Moms United Means Healthier Babies
(Julie Braunsroth, second adult from the right, with some of the moms and kiddos she meets with on a weekly basis)
As any new mother knows, nursing an infant may be far from easy. Breastfeeding may seem straightforward but can come with its own bundle of worries.
“Should I be feeling any pain? Is it normal for my baby to behave this way? Am I the only one experiencing this problem?”
Most women usually learn about breastfeeding from the conventional wisdom of their family or friend circle. But for Julie Braunsroth, a native of Colombia, such immediate support wasn’t an option. Julie had moved to the U.S. for her Nebraskan husband, whom she had met at a political rally in Bogota. It was here in Lincoln that Julie became pregnant with her first child—hundreds of miles away from her mother, sisters, and aunts. Like many new mothers resettling in America, she suddenly realized proximity matters when seeking breastfeeding advice.
“Sure, I could call my mom and my sister, but of course they were just not there for me in person. I was away from my country and my family and now I’m here with a new baby,” she said.
Thankfully, Julie found MilkWorks, a non-profit pioneer in breastfeeding support for mothers in the Lincoln and Omaha areas. Their operation has grown dramatically since it was founded in 2001 by a small team of childcare professionals. MilkWorks now offers consultation and breast pumps approved by most private insurance plans.
While insurance coverage marks the organization’s success, it also highlights an issue. According to Executive Director Ann Seacrest, mothers who have private insurance are already 2.5 times more likely to breastfeed exclusively for six months than low-income mothers. Most low-income mothers start breastfeeding in the hospital, but stop in the first three months if they face feeding challenges or return to work. In addition, mothers who are new to America are faced with multiple cultural barriers that may interfere with breastfeeding. To address these difficulties, MilkWorks introduced their now nationally-recognized Community Breastfeeding Educator project in collaboration with Partnership for a Healthy Lincoln.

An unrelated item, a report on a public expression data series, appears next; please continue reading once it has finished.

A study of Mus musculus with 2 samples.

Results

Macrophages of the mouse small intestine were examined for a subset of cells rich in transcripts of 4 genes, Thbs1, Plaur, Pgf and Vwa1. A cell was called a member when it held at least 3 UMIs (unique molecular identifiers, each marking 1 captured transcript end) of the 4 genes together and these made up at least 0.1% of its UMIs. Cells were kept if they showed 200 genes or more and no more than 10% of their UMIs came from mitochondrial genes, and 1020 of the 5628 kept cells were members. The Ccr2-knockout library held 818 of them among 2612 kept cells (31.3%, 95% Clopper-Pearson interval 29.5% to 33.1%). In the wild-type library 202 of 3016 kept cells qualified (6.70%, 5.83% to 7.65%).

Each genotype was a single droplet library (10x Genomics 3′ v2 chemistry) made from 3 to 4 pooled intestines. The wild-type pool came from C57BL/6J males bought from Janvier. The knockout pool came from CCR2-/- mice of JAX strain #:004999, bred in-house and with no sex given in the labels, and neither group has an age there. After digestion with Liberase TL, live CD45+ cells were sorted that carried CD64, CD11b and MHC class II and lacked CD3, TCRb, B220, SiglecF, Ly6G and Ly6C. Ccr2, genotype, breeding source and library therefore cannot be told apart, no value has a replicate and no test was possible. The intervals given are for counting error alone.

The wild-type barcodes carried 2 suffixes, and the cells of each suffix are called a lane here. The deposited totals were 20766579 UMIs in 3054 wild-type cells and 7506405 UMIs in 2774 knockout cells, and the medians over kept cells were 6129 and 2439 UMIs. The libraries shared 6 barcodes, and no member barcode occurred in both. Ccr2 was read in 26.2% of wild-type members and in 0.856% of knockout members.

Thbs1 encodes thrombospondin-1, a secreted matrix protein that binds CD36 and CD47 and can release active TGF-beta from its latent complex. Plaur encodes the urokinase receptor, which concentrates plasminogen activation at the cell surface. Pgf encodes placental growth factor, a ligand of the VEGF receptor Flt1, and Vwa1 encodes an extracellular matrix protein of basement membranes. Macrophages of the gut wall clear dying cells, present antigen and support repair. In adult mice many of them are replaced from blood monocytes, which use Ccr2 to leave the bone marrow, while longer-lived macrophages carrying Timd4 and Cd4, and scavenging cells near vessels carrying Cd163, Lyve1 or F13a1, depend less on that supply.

The job of a Community Breastfeeding Educator (CBE) includes reaching out to other culturally diverse mothers to provide support, answering questions, addressing concerns, and connecting mothers to additional breastfeeding expertise when needed. The CBEs also act as interpreters for mothers and the board-certified lactation consultants at MilkWorks.
Diversity is the project’s hallmark. All of the moms reached by this project identify as being culturally diverse (non-white or non-English speaking). One major success is that moms, “regardless of their background or their language, realize that there is someone out there who understands breastfeeding and can guide them through the process,” said Executive Director Seacrest.
After a positive experience with MilkWorks, Julie Braunsroth decided to use her own bilingual abilities to engage Spanish-speaking mothers. She is now one of six CBE who engage in weekly conversations with mothers who share a similar culture. Among these talented women, languages such as Arabic, Karen, Burmese, Vietnamese, Chinese and Nuba are also represented. Julie says that mothers generally receive her support warmly, which is not uncommon for any of the CBEs—someone always needs support.
“Mothers bring an issue with their child or their milk or their breast and we can say, ‘oh, that happened to me too,’ or, ‘you can try this ’or, ‘you should call your doctor,’” Julie said.
“To me, community means moms need moms.”
The community power being fostered by MilkWorks is impressive. While only 22 percent of mothers statewide breastfeed exclusively for the medically recommended six months, Lincoln’s Community Breastfeeding Educators, in partnership with MilkWorks, are determined to provide the necessary support to increase this rate—one mom and baby at a time.